Creative Partnership Aims to Protect Rocky Mountain Grizzlies, Wolves and Cougars
Scientists have identified hotspots in the region where high numbers of carnivores such as grizzlies, wolves and cougars are killed each year. This partnership between Lafarge and WWF-Canada is aimed at improving the ability of wildlife to survive in this major tourist centre and heavily trafficked region. The focus will be to jointly look for new and innovative approaches to sustaining carnivore and other wildlife populations in the Bow River Valley.
"Working to control our impact on the environment and the wildlife that live there is one of our core principles at Lafarge North America and it is central to the way we do business,” said Alan Kreisberg, President of Lafarge’s Western Region Cement Division. “We are especially proud to continue our conservation initiatives here with WWF-Canada in the southern Canadian Rocky Mountains where we have major operations and make this long-term commitment to the environment by protecting large carnivores, whose survival is not secured anywhere in the world."
This local partnership between Lafarge and WWF-Canada will focus on realizing a long-term conservation vision for the region. They will assess and improve, where appropriate, Lafarge’s industrial practices, sponsor various conservation projects and encourage other agencies to share this vision. In addition, they will sponsor specific conservation projects within the initial two-year period that support the agreement, including initiating a research project to better define the wildlife corridors in the Bow River Valley and undertaking micro-tunneling projects to assess their use by wildlife species. It is hoped that the success of this partnership will eventually spark unprecedented co-operation from First Nations, government agencies, academic institutions, conservation organizations, labour and industry.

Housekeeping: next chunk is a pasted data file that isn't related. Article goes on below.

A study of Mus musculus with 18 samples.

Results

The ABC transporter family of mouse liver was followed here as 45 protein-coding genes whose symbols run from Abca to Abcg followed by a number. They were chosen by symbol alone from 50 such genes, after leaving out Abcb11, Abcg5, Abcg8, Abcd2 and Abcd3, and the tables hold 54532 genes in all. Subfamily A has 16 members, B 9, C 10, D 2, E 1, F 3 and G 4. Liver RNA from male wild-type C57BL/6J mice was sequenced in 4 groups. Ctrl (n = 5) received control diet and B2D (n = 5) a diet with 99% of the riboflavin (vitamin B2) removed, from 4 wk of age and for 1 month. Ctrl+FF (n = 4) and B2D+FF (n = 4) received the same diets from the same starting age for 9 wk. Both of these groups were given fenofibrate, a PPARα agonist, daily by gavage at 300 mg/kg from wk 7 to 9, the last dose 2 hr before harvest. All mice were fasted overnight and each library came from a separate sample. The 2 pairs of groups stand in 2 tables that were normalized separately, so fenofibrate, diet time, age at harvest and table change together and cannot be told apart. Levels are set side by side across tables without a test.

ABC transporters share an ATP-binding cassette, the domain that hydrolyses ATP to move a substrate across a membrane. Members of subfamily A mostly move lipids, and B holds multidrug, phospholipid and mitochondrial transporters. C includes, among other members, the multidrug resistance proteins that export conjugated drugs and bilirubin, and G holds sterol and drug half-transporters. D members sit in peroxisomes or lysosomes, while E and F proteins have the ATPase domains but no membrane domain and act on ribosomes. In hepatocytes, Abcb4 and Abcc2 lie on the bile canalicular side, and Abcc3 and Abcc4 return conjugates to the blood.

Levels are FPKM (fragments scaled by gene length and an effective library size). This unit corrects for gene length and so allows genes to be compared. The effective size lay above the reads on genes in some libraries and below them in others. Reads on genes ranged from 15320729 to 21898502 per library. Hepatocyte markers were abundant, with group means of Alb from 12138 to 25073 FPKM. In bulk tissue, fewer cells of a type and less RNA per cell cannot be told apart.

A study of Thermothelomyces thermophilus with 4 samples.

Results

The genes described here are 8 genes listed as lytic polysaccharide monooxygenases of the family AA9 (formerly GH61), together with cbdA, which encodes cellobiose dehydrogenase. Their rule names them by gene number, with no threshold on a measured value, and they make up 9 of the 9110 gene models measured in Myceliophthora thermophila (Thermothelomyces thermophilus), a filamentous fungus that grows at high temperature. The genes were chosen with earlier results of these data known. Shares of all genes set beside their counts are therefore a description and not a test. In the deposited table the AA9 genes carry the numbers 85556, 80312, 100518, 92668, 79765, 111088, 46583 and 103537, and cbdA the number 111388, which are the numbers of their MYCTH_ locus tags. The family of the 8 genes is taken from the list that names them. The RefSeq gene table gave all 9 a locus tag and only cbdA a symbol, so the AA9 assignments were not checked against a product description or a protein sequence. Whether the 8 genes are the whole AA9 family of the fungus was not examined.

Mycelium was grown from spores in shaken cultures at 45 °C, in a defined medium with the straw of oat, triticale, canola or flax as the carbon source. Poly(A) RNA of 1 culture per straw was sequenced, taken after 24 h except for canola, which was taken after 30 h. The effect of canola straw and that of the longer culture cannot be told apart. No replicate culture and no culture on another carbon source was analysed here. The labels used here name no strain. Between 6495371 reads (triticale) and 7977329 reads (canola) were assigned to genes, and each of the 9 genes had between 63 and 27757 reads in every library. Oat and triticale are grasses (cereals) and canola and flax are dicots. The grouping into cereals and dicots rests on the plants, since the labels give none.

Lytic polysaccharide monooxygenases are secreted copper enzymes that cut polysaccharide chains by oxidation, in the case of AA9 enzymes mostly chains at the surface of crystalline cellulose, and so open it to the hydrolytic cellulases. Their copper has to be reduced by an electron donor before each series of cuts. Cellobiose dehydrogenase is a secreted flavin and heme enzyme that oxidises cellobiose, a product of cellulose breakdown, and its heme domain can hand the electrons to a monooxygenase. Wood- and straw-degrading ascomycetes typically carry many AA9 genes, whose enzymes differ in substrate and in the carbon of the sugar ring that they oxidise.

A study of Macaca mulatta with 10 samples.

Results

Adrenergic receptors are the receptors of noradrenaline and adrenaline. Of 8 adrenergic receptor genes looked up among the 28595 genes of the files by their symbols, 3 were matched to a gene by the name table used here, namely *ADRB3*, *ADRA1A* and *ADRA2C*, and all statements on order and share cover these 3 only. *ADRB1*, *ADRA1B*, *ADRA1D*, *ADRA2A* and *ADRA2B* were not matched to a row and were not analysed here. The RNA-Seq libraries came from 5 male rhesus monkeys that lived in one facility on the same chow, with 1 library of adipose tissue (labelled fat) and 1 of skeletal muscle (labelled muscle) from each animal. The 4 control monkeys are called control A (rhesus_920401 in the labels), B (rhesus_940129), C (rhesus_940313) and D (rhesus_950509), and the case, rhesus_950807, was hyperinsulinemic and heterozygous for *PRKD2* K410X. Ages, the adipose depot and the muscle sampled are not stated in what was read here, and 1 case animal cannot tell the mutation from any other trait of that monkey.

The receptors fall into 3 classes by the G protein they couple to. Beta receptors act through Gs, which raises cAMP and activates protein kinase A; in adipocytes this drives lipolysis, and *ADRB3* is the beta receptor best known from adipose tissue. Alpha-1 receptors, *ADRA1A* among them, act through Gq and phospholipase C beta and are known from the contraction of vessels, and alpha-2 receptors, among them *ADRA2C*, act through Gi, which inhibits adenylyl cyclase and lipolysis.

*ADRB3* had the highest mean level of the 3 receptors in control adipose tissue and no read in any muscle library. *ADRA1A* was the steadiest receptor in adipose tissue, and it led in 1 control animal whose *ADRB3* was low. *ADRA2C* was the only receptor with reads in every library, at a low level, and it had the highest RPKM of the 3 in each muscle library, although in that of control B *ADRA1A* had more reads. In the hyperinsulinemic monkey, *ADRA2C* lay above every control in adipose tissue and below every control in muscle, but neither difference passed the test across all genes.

“For 20 years, WWF-Canada has researched and taken action to conserve large carnivores in Western Canada. Lafarge is a pioneer in their industry regarding its commitment to modifying its operations to help protect the full suite of carnivores that live in the regions where they have operations. We are extremely proud to be working with them on this initiative”, said WWF-Canada President, Monte Hummel.
The initiative between Lafarge North America and WWF-Canada is part of a broader, multi-national agreement between Lafarge and WWF. WWF is the world’s largest private conservation network, with a long track record in large carnivore research and conservation. Lafarge is the world’s largest producer of construction materials, including cement, gypsum, roofing, aggregates and concrete. Currently, Lafarge and WWF are global partners in conservation, working together on a range of environmental projects, including forest landscape restoration, carbon dioxide emission reduction, management of toxic substances, quarry reclamation, and biodiversity conservation.
“We all know and we’ve all seen unfortunate wildlife deaths along the valleys, roads and rail lines, both from industrial and recreational vehicles. I and everyone at Lafarge are striving hard to minimize this, but we welcome more advice on how we can do better, said Mike Smith, President of Lafarge Construction Materials of Western Canada. Smith concluded, “Lafarge views this partnership agreement as a unique opportunity, involving aspects of wildlife conservation, environmental management and sustainable development, where we can encourage our people to contribute and develop their talents in achieving the conservation objectives under the partnership agreement.”
Lafarge North America and WWF-Canada look forward to working together during this creative and unique partnership on conservation initiatives to help protect wildlife in the southern Rocky Mountain region.